Community Opinion

Upside Down Under

Now here’s an idea!!!…
There’s an interesting phenomenon happening across southern Australia that could theoretically affect North Dakota in more ways than one.
By Marvin Baker
Since 2016, an artist, who goes by the name of Guido Van Helten, has been painting murals on the sides of grain elevators. Called silos in Australia, Van Helten started a trend, and now numerous artists have become involved and Van Helten’s work, which started in the wheat growing region of Western Australia, has spread across the country.
Postage stamps have been struck with the painted silos, motorists stop to see- which has created tourism in many of the small towns, and these places that even Australians hadn’t heard about are getting national news coverage. In some places, they’ve arranged wine tours with stops along the route to see the artwork.
ABC News 9, a national TV network in Australia, reported the town of Rochester, in the state of Victoria, has seen an incredible turnaround in its local economy thanks to grain silo art.
According to ABC News 9, a report released in June found the number of full-time equivalent positions in Rochester dropped by 20 percent between 2001 and 2016, with the most rapid decline occurring since 2011. Farming jobs were cut by almost 30 percent over the same 15-year period.
“The town has been feeling it,” said business network spokeswoman and local high school teacher Kate Taylor. She hoped the eye-catching design would encourage more of the 7,000 cars that drove through town every day to stop in Rochester.
“Quite often people go through on their way to the river, and they don’t always stop here unless they need to,” she said.
The artwork was still two weeks from completion, but Taylor said she was already noticing a rise in visitor numbers.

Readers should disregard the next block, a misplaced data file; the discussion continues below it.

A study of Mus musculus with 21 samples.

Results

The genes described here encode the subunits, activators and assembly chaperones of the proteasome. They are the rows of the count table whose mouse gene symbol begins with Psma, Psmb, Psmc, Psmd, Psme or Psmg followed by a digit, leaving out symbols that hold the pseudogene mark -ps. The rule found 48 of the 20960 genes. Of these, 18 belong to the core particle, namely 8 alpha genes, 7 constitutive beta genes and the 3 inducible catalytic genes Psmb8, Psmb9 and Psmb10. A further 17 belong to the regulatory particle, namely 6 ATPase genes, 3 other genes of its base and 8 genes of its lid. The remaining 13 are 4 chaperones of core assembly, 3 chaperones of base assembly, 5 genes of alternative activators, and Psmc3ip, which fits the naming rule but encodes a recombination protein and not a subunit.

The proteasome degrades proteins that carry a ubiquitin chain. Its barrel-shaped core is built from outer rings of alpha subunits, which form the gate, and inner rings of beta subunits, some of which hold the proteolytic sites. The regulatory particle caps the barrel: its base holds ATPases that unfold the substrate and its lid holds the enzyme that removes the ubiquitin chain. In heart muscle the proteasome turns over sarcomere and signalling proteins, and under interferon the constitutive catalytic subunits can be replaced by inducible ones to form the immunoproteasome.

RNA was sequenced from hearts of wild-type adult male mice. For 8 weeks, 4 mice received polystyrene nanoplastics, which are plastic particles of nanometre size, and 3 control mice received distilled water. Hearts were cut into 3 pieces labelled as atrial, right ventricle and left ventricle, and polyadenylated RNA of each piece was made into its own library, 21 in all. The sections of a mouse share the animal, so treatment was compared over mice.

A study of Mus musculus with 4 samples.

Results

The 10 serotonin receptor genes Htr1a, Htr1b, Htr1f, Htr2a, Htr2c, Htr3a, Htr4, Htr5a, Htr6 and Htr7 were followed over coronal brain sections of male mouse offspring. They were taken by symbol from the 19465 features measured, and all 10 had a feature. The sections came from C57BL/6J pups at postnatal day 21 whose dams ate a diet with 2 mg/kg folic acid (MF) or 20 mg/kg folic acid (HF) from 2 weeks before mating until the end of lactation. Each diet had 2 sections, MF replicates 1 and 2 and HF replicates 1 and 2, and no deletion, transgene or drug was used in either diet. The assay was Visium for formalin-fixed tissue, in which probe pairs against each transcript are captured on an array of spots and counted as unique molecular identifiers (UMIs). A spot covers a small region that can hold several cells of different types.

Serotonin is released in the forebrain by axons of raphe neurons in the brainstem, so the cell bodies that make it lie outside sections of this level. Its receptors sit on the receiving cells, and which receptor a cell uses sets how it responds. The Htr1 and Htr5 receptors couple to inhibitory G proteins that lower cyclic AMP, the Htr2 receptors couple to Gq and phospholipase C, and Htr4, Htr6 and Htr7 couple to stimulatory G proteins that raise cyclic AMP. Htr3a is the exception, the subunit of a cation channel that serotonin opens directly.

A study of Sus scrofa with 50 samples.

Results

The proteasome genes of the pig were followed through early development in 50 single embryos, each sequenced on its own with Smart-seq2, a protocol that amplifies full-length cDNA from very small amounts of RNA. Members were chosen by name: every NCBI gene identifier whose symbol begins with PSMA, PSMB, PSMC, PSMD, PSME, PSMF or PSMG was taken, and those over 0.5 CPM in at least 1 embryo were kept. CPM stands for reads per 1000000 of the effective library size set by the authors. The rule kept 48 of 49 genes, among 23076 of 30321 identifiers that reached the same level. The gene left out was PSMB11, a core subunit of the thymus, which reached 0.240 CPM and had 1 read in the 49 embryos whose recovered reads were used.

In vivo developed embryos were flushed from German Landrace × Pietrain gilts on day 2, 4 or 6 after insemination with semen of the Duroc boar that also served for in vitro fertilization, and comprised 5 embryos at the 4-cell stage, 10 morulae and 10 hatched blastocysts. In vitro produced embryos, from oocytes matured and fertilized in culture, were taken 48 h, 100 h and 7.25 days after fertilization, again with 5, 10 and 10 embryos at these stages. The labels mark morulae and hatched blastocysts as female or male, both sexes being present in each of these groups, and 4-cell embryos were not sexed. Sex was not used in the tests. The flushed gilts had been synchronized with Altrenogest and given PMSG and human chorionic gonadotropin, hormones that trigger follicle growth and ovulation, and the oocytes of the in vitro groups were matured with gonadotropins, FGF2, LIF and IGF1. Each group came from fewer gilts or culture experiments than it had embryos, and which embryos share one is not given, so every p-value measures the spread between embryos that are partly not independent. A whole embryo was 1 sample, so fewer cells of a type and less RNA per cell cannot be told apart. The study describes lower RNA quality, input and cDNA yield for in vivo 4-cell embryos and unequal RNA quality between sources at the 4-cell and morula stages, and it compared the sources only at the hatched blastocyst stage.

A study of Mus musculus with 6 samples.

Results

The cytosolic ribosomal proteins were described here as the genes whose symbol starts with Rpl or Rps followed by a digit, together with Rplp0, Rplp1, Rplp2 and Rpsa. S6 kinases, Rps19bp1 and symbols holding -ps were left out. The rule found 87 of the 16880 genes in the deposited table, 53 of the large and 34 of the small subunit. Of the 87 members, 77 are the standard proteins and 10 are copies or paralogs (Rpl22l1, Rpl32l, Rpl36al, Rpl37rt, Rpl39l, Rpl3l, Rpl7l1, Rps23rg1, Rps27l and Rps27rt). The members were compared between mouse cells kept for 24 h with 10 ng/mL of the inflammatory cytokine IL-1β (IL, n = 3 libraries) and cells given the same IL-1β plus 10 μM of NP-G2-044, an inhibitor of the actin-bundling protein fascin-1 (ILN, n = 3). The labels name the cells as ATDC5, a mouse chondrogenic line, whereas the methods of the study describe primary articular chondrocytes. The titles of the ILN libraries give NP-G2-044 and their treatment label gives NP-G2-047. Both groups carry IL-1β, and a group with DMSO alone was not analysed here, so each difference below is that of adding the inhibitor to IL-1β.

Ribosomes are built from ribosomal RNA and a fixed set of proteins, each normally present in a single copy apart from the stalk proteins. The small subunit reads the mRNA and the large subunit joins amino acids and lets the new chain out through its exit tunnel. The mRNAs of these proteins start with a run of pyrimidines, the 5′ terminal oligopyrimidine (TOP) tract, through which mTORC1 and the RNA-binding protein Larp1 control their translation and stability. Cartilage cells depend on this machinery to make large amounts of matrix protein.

“It’s been busy, to say the least, almost chaotic on the weekend with the amount of traffic coming through,” she said.
The artists have made it a point to paint murals in small towns in an effort to help revitalize them. The art features flora, fauna, a sheep shearer, working women, combines, farmers in the their fields, the elderly and one of the murals is a giant pineapple.
Could something like this happen in North Dakota? Think about all the modern grain elevators in North Dakota; those blase-looking concrete structures could take on a whole new life, and small towns would see more people. We like to think of those old, wood, prairie skyscrapers as nostalgia, but the modern elevator has no character.
Take, for instance, the elevator at Max. It sits right next to U.S. Highway 83, a road in which a lot of people travel. Imagine what would happen to Max if there were murals on that elevator? It would become a destination, and when the word would get out that gas is always less expensive than other western North Dakota places, that little convenience store would be selling a lot of gas and personal pizzas.
There are now a lot of these structures in the state: Northwood, Regent, Bottineau, Finley, Valley City, Wimbledon, Berthold, Park River, Bowbells, Strasburg and lots of others. Concrete elevators also make up a good portion of the North Dakota Mill & Elevator in Grand Forks. What a gift that would be for the residents of Grand Forks.
Van Helton is paid through public and private funds. Grain Corp., a major cereal grain shipper in Australia, is funding part of the transformation there. It takes about 500 liters of paint to complete a mural.
I would encourage you to Google “Grain Silo art” and see what pops up. It will amaze you. It’s like nothing else you’ve ever seen, especially in a rural community. And it actually adds some quality to the otherwise lethargic concrete. Rural Australians have embraced this and now city tourists are driving to the small towns to have a look.
But it isn’t limited to Australia. Van Helten did a mural in Faulkton, S.D., and Fort Dodge, Iowa. Someone else painted a mural on the elevator in Grenfell, Saskatchewan, a small town 80 miles east of Regina.
We used to see ads on the sides of elevators such as Occident Flour, Elephant Brand Fertilizer or GTA Feeds. Those were ads. This is completely different because it depicts the people of rural Australia, and thus far there’s been no solicitation of any kind.